Catholicism and Libertarianism, Part 2


In a recent post I discussed what I think are some problems in Kevin Williamson’s critique of Catholic thinking about economics and politics.  Here I would like to continue the critique.

Here’s Williamson:

From the old royalist Right to the redistributionist Left, there is an implicit and sometimes explicit belief that the state is a channel for moral expression, whether that expression takes the form of entrenching traditional ideals about family life or or collaborating with the state in the seizure and redistribution of wealth. (Probably worth keeping in mind the clergy’s historical track record here: The last economic idea that it got itself exercised about was Marxism.) But the state is in fact no such thing. It is a piece of social software, a technology, a tool with no more moral significance in and of itself than a hammer.

I think we find a number of problems here.

st. peters

In the first place, this is not so much an argument as it is an assertion.  Catholicism thinks the state can be a channel of moral expression, and Williamson says it cannot.  He does not explain why we should reject the view he rejects.  If the state is just a tool, as he says, then presumably it can be put to a moral purpose, just like any other tool.  Or if it cannot, he needs to explain why it cannot.

In the second place, Williamson needs to face the fact that in criticizing the Catholic view that the state can be put to moral purposes, that it has moral obligations, he is not really just criticizing the view of some kooky clerics, but is really criticizing a view that has been held by almost everybody.  That the political authority has a moral character, that it can be used with a view to moral ends, was held by Plato and Aristotle, by Ciero, by Augustine and Thomas Aquinas, by the Protestant reformers, and by the American founders.  And if we leave aside the theorists and look around the world at political practice, we see that almost everybody everywhere treats the political authority as if it can be a means to moral ends.  Almost all laws everywhere are justified on some ground of decency or justice.

Of course, it goes without saying that the state can be perverted to bad ends, or that moral ends can be invoked as a mere pretext for the exercise of power in the service of somebody’s self-interest.  But everybody who has thought it has moral purposes has known that, and they have understood it in light of Saint Augustine’s observation that “the abuse does not take away the use” of a thing.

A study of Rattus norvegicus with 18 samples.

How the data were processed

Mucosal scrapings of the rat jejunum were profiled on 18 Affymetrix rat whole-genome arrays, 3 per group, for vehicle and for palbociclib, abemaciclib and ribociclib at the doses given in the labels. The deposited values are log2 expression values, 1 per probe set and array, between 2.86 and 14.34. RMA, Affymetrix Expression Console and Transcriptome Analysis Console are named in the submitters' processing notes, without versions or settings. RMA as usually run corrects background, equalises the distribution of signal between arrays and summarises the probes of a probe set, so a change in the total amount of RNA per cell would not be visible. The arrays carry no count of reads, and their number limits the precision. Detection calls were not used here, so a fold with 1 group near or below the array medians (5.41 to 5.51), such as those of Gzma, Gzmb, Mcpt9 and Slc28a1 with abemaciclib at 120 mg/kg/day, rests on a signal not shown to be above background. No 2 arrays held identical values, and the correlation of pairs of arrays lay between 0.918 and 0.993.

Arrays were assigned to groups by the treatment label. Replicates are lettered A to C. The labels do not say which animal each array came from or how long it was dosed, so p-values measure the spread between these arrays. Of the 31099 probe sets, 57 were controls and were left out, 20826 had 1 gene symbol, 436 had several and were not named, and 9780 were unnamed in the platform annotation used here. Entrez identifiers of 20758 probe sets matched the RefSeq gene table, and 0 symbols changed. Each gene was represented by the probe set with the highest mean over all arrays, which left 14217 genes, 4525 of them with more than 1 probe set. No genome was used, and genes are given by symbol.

This is a problem not just with Williamson but with libertarianism in general.  It tends to be a creed at war with the common sense of human kind.  By insisting that the state must not be used as a channel of moral expression, it is putting itself at odds with the opinion of almost all human beings throughout history, as far as we can tell.

Williamson then goes on and criticizes Saint Pope John Paul II for holding that “the State has the duty of watching over the common good.”  Williamson says:

But the state in fact has no way of knowing to any practical effect what the common good even is or how its policies might affect priorities relating to it. The “common good” may seem like a relatively straightforward thing when your theater of operations is the general moral intuition of a saint, but it’s something else when you’re working with 20,000 pages of Affordable Care Act regulations — and that, not refined sentiment, is the realm in which the state operates. Meanwhile, he also expects the state to determine just wages and union work rules, to administer unemployment insurance, to calculate the economic consequences of immigration, and a hundred other things that the state has no capacity for doing.

Doesn’t this argument just prove a little too much?  I mean, if the state has no way of knowing what the common good is, then presumably nobody has any way of knowing what the common good is.  But if we cannot know what it is, how can we say, for example, that libertarianism is any good as an approach to politics and economics.  I suppose any given libertarian can say that he is happier with less government, but if the common good is unknowable he can’t show why anybody else should care—especially people who directly benefit from government.

If Williamson’s argument is correct, it would mean that there should be no government regulation of the economy at all, and maybe no government at all.  But this is not a position that ever has or ever will will substantial support.

The views expressed here are those of the author, and do not necessarily represent the views of


About Author

Carson Holloway is a political scientist and the author of The Way of Life: John Paul II and the Challenge of Liberal Modernity (Baylor University Press), The Right Darwin? Evolution, Religion, and the Future of Democracy (Spence Publishing), and All Shook Up: Music, Passion and Politics (Spence Publishing), and the editor of a collection of essays entitled Magnanimity and Statesmanship (Lexington Books). His articles have appeared in the Review of Politics, Interpretation: A Journal of Political Philosophy, Perspectives on Political Science, and First Things. He is a regular contributor to the online journal The Public Discourse. Holloway was a 2005-06 William E. Simon Visiting Fellow in Religion and Public Life in the James Madison Program at Princeton University. He received his Ph.D. in political science from Northern Illinois University in 1998.